Celebrating Virginia’s finest
Published 8:39 am Wednesday, September 2, 2009
September marks the 20th anniversary of the Virginia’s Finest program, a designation many local products carry.
Launched in 1989 by the Virginia Department of Agriculture and Consumer Services, the quality-based recognition program has helped identify and promote top quality Virginia-produced and processed agricultural products for two decades. Potential participants must undergo review by a committee of their peers and VDACS personnel to earn the right to be called Virginia’s Finest.
Feridies/The Peanut Patch of Courtland has been a Virginia’s Finest designee since the beginning.
“We are proud to be designated as a Virginia’s Finest product,” said Jane Riddick-Fries, owner. “Virginia is fortunate to have a wide variety of quality producers of the finest gourmet foods. The Peanut Patch gift shop features an entire section of Virginia’s Finest foods and wines.”
Liz and Herbert Britt of Simply Divine Catering are two of the newest Virginia’s Finest designees, and they say they can already see the effects of carrying the seal.
Liz is Nuts canned pecans are now sold in 23 stores throughout the state. The couple roasts 160 pounds of pecans a week and cans them for sale in their small business on Armory Drive.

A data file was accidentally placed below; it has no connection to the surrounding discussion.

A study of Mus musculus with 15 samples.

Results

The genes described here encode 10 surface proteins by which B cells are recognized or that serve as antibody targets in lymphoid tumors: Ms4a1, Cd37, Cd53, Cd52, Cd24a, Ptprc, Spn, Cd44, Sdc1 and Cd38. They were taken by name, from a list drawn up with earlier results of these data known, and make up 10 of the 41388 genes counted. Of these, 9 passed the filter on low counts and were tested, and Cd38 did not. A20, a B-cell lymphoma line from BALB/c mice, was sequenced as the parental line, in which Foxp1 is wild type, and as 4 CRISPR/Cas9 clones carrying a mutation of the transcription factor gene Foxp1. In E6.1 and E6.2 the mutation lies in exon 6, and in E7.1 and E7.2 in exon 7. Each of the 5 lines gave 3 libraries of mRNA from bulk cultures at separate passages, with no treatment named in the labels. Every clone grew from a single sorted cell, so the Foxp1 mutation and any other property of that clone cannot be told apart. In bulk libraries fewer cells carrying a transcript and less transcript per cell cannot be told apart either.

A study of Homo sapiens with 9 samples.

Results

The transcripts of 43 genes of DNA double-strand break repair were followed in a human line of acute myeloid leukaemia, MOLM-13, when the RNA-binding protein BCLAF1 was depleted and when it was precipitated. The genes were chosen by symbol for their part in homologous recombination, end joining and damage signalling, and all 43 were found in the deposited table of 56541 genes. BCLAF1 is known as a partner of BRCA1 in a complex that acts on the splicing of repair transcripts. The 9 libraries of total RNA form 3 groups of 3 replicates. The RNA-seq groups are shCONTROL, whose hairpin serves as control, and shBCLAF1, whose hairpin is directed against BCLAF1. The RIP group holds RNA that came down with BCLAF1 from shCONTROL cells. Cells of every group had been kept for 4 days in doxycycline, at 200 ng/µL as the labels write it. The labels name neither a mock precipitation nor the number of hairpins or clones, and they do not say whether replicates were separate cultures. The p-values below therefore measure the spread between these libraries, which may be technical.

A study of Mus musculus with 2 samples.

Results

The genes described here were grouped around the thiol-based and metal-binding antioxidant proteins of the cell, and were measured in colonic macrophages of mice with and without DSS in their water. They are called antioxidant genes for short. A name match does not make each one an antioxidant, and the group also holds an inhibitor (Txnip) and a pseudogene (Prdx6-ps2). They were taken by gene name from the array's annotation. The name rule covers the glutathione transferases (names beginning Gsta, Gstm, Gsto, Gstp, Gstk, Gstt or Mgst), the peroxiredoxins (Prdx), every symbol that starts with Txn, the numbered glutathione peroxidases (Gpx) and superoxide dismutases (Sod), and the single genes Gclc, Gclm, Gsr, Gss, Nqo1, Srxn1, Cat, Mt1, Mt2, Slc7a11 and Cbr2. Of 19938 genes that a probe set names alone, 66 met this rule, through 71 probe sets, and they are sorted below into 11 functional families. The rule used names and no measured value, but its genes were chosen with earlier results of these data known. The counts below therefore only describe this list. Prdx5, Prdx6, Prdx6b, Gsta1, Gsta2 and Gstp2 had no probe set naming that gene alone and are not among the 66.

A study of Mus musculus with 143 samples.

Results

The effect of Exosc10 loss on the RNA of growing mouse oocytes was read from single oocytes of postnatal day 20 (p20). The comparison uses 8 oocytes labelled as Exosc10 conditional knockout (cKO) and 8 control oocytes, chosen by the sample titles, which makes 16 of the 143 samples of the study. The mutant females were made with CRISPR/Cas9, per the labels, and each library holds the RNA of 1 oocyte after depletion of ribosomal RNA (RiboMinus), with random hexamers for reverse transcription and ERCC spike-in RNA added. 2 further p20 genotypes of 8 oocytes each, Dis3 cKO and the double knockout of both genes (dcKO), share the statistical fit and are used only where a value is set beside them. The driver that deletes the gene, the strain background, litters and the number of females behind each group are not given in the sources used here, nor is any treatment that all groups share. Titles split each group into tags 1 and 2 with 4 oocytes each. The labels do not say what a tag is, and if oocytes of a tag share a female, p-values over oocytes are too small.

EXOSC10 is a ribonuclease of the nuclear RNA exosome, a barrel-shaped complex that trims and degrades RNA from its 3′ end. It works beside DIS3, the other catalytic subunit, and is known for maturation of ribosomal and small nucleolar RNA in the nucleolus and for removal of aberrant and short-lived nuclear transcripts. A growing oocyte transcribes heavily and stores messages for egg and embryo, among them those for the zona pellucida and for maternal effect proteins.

“I couldn’t have done what I have done if not for Virginia’s Finest,” Liz Britt said. “They work so closely with you.”
Britt said she is proud that her cans of nuts carry the Virginia’s Finest symbol.
“It’s an honor to have that stamp,” she said.
Jane Gibson, who makes Jane’s Sweet Potato Biscuits out of her home in Franklin, also said the seal carries weight.
“It does enhance my sales,” she said. “People are looking for that designation.”
Sedley-based Hubbard Peanut Co. was one of 15 first Virginia’s Finest.
“We have proudly displayed (the symbol) ever since,” owner Lynne Rabil said.
Rabil said the designation helps consumers outside of Virginia know what products to buy.
“We are Virginia, and Virginia means quality,” she said.
Bob Felts, of R.M. Felts Packing Co. of Virginia, agreed.
“Our state as a whole carries a little bit of clout,” he said. “I think the Virginia’s Finest program is another way of putting a quality stamp on it — like giving it a blue ribbon.”